State Government

The political economy of Delta-fish extinctions

Submitted: May 01, 2017
By: 
Badlands Journal editorial board

 For species like delta smelt and winter-run Chinook salmon, there will be considerable pressure to declare them extinct because maintaining even small populations requires releases of water from dams...But to avoid spending scarce conservation dollars on species that have already gone extinct, we need a policy in place that provides a pathway for declaring a species officially extinct. We address this in part II of our blog.

 So, we maintain both the state and federal endangered species acts while the species go extinct in publicly managed rivers, shaped by publicly funded levees and dams, and distributed by publicly funded canals, as a matter of "public policy"?


Submitted: Apr 28, 2017
By: 
Badlands Journal editorial board

 “Unfortunately, the US Chamber of Commerce is doing everything it can to block efforts to combat both climate change and anti-smoking laws and regulations. It opposes the Paris Agreement that you publicly support, is suing to block the implementation of the Clean Power Plan, consistently lobbies against legislation aimed at reducing greenhouse gas emissions, and spends millions of dollars in money on elections ads urging voters to back candidates who support the fossil fuel industry and oppose efforts to combat climate change,” they write. -- Dominic Rushe, The Guardian, April 24, 2017

 

   


Submitted: Apr 26, 2017
By: 
Badlands Journal editorial board

In reality, Cohn, Powell, and other Wall Streeters in the Trump White House are pushing Trump closer to the views of Wall Street and big business – views that are reflected in the views of “mainstream” Republicans and Democrats only to the extent the “mainstream” is dependent on the Street and big corporations for campaign money. -- Robert Reich, Truthdig, April 26, 2017

 


Submitted: Apr 25, 2017
By: 
Badlands Journal editorial board

  

This weekend we asked what other reporters and editors locally and around the state were curious about. This is a selection of articles that appeared locally in the last week.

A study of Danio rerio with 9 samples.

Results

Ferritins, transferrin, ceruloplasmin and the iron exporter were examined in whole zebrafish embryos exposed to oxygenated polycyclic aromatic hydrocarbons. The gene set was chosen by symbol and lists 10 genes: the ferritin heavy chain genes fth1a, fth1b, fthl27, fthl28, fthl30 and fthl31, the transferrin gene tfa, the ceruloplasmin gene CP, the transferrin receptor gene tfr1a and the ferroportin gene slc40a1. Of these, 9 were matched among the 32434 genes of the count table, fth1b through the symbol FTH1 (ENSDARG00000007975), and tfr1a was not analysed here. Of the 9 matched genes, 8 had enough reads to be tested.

-- blj


4-22-17


Submitted: Apr 24, 2017
By: 
Badlands Journal editorial board

 It almost seems as if in the wake of 9/11 and the creation of the Homeland Security Administration, the fear of dam sabotage has been an excuse for not doing maintenance and repair of dams and the complete failure to plan for the effects of global warming on the Sierra Nevada snowpack. And it seems that the Federal Energy Regulatory Commission, which commissions the hydro-electric plants on the Sierra-river dams,  in the midst of its exquisitely complex scientific and bureaucratic study schedule and meetings, all directed by impeccably value-free facilitators, the sort of catastrophe that happened at Oroville and threatens worse, was not contemplated, at least sufficiently. -- blj

 

 

 


Submitted: Apr 24, 2017
By: 
Badlands Journal editorial board

 Willie Brown, former California state Assembly speaker (longest serving), former mayor of San Francisco and general bon vivant, used to have lunch on Fridays in the City at a restaurant called Le Central, with several friends, including Herb Caen, legendary Chronicle columnist.

It looks like Willie picked up a few literary pointers over the cassoulet. -- wmh

 

 

 


Submitted: Apr 11, 2017
By: 
Badlands Journal editorial board

 4-10-17

Modesto Bee

OID loses hard-fought fallowing lawsuit

 Garth Stapley


Submitted: Apr 04, 2017
By: 
Badlands Journal editorial board

 Badlands readers have corrected our previous post on Rep. Devin Nunes, Raver-Visalia in different ways. Some considered our post nothing but evidence that we've been duped by the "Russian Conspiracy" Democrats. But the more interesting criticism raises doubts that Nunes's political gyrations for the benefit of the Trump Regime will be rewarded with a new dam on the San Joaquin River at Temperance Flats (a few miles upriver the Friant Dam). They argue, persuasively that the probably soon-to- be-former-Rep. Nunes, Political Graveyard CA, stupidly sacrificed his career for promises of support from Westlands Water District and President Trump.

"Trump was just lying and Westlands is already grooming a new boy or girl for the district," say these readers.


Submitted: Mar 27, 2017
By: 
Badlands Journal editorial board

 Merced City Council members Jill McLeod and Michael Belluomini advocated for quieter trains at last week's council meeting. They targeted the BNSF tracks in the northern part of central Merced because Amtrak adds more trains to the already busy tracks. But when Ms. McLeod, known in some central Merced circles as "Strawberry Jujube," repeatedly said that the area has an "industrial" feeling, we wondered how long before the council would mandate the Strawberry Jujube Aesthetic for our neighborhoods. Would we all be required by ordinance to die our hair orange and wear a pigtail to escape the onus of looking "industrial," the way many working people employed by various industries do look.

We don't think McLeod and Belluomini are going after the worst aspect of the trains. The dirt, the dust, and the grime that both BNSF and Union Pacific trains kick up pose worse problems for health and housecleaning than their noise. And the hazardous materials constantly traveling through town on frieght trains pose potentially catastrophic dangers to public health.